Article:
Research for greater justice“We have to Fundamentally Change How We Look at Animals”
14 November 2022, by Christina Krätzig
Photo: Pixabay CC0
Animals, like for example, wolves, are affected by human activity, and adapt their behavior accordingly. According to game theory, this makes them actors as well, which opens a new point of view on them, explains Dr. von Negenborn.
Postdoctoral Fellowships for outstanding early career researchers: Universität Hamburg—University of Excellence jas won funding for the third time. Philosopher and economist Dr. Colin von Negenborn wants to use the funding to find out how people can make sustainable and fair decisions, including about non-human actors.
Dr. von Negeborn, your project also looks at the relationship between humans and animals. Why is this an important issue for you?
I work at the interface of philosophy and economics. That is interesting for me because philosophers ask sociopolitical questions that economics do not consider. On the other hand, economic methods, particularly those from mathematics and game theory from the field of macroeconomics, can enrich the study of philosophy.
Our relationship with animals is well-suited to this research, because game theory approaches to ethics already exist, but have only been considered from an anthropocentric perspective. That means, until now, only those people who were actively involved were considered, even though animals are just as affected by human activity.
How do game theory approaches work?
Game theory is a mathematical model which helps us to understand decision-making behavior in conflict situations. It allows us to estimate the effects of a range of interactions on all players. As such, it brings the potential reactions of all players into consideration. In using this method, our goal is to identify desired activities, that is conduct that is ethical and fair in conflict situations.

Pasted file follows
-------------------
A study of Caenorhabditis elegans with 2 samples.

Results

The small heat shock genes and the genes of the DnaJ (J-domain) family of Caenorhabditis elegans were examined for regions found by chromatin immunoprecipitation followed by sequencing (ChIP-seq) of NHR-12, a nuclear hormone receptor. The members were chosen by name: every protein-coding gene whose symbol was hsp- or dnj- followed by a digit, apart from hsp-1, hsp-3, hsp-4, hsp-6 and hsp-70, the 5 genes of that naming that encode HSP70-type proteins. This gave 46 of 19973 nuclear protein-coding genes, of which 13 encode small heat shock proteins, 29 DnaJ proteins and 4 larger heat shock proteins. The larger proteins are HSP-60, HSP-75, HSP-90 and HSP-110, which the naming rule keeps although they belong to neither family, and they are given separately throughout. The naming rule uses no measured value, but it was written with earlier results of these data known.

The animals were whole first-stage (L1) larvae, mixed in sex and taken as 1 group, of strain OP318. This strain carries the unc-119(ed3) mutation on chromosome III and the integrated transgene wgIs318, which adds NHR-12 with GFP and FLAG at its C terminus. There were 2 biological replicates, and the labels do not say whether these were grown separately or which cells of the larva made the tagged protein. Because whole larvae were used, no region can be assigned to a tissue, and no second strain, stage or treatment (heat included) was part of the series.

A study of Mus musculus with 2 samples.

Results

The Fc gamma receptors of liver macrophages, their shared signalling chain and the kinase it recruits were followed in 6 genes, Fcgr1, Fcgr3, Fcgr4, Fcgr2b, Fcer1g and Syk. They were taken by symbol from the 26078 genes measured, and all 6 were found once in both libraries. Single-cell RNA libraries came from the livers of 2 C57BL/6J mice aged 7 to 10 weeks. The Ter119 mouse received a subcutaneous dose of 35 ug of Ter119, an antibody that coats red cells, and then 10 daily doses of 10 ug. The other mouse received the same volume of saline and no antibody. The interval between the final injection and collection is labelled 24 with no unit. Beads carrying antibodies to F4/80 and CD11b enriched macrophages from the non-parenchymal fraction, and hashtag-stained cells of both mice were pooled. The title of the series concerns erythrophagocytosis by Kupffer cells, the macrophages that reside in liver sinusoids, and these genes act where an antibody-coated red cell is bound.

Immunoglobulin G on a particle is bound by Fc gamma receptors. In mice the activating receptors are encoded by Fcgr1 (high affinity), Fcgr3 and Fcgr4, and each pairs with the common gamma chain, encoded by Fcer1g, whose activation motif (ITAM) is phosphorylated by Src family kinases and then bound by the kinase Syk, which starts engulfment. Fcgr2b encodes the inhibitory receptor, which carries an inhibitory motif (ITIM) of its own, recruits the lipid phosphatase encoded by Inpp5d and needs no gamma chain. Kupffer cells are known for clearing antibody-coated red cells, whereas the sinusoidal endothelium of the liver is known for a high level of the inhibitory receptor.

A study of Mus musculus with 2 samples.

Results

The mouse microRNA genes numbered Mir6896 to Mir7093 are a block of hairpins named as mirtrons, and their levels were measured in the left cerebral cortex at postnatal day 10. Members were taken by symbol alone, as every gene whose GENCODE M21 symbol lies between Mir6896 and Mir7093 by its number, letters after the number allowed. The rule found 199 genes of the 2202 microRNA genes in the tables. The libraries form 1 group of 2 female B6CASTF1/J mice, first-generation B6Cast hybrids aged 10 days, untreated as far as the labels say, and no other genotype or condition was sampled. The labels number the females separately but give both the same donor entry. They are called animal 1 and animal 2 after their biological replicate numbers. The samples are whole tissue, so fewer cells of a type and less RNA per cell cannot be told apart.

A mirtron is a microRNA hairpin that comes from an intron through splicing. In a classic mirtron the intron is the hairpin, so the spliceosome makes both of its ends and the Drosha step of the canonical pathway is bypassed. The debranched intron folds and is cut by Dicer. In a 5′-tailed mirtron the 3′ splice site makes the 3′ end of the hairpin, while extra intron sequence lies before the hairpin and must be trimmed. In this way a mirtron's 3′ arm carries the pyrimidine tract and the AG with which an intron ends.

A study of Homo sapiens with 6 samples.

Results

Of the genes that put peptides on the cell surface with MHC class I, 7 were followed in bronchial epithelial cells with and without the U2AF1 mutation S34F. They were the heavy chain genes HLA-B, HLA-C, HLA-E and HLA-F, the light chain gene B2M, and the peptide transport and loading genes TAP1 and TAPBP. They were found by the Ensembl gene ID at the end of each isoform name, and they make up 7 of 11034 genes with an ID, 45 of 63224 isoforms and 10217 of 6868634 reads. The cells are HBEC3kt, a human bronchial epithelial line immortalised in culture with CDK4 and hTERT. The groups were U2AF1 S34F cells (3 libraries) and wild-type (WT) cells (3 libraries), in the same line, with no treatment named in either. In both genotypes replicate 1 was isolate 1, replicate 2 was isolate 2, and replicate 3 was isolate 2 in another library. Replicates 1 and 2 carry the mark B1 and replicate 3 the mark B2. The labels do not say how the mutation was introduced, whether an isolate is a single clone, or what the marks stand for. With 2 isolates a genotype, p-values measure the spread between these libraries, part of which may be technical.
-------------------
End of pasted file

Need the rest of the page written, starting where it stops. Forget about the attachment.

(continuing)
But animals don’t plan their activities do they? Or do you think that animals also think ethically?
Probably not. But they are still affected by our behavior and adapt their own behavior accordingly. They move out of certain areas and range into new territories, just think about the wolves that have returned to Germany. They conquer new territory, come across new prey, and adapt their hunting techniques. That makes them players according to game theory.
The fact that they don’t strictly rationally assess their own behavior and thus don’t consciously decide on the most rational course of action, is irrelevant from a game theory perspective. At the end of the day, humans don’t always act as rationally as we would like to think we do.
Does that mean that you are more interested in their methods than in their welfare?
I have to say, the methods are very interesting for me, but of course it is not an end in itself. I also want to contribute to humans learning to better recognize and discuss the limits of the permissible, i.e., ethically acceptable behavior. That affects our relationship with animals as well as other issues such as how we deal with future generations. In my research project I also look at issues of generational justice. In terms of animals, I think that we need to fundamentally rethink how we interact with them. We have to learn to see them as players as well, and not only as objects on the playing field. If we can do that successfully, that will have a long-term impact on legislation, and the framing of laws, and I think that would be a good thing.
As a postdoctoral fellow, you get a substantial budget for materials: €20,000 annually for a 3-year period. What do you want to spend that money on?
One thing I want to use it for is publication. I am a huge fan of open-access publications that are free and accessible for the academic community. But for authors that can go up to €2000 per publication really easily. The funding will be a great help with this.I also want to hire a research assistant, attend conferences and workshops, and host an event of my own in the second or third year of my research.
Universität Hamburg—University of Excellence supports especially qualified doctoral and early career researchers from Germany and abroad by awarding postdoctoral fellowships every year. In this program, recipients assume the responsibility for managing their own research projects. A requirement for the funding is a link to a research project in one of the emerging fields at Universität Hamburg.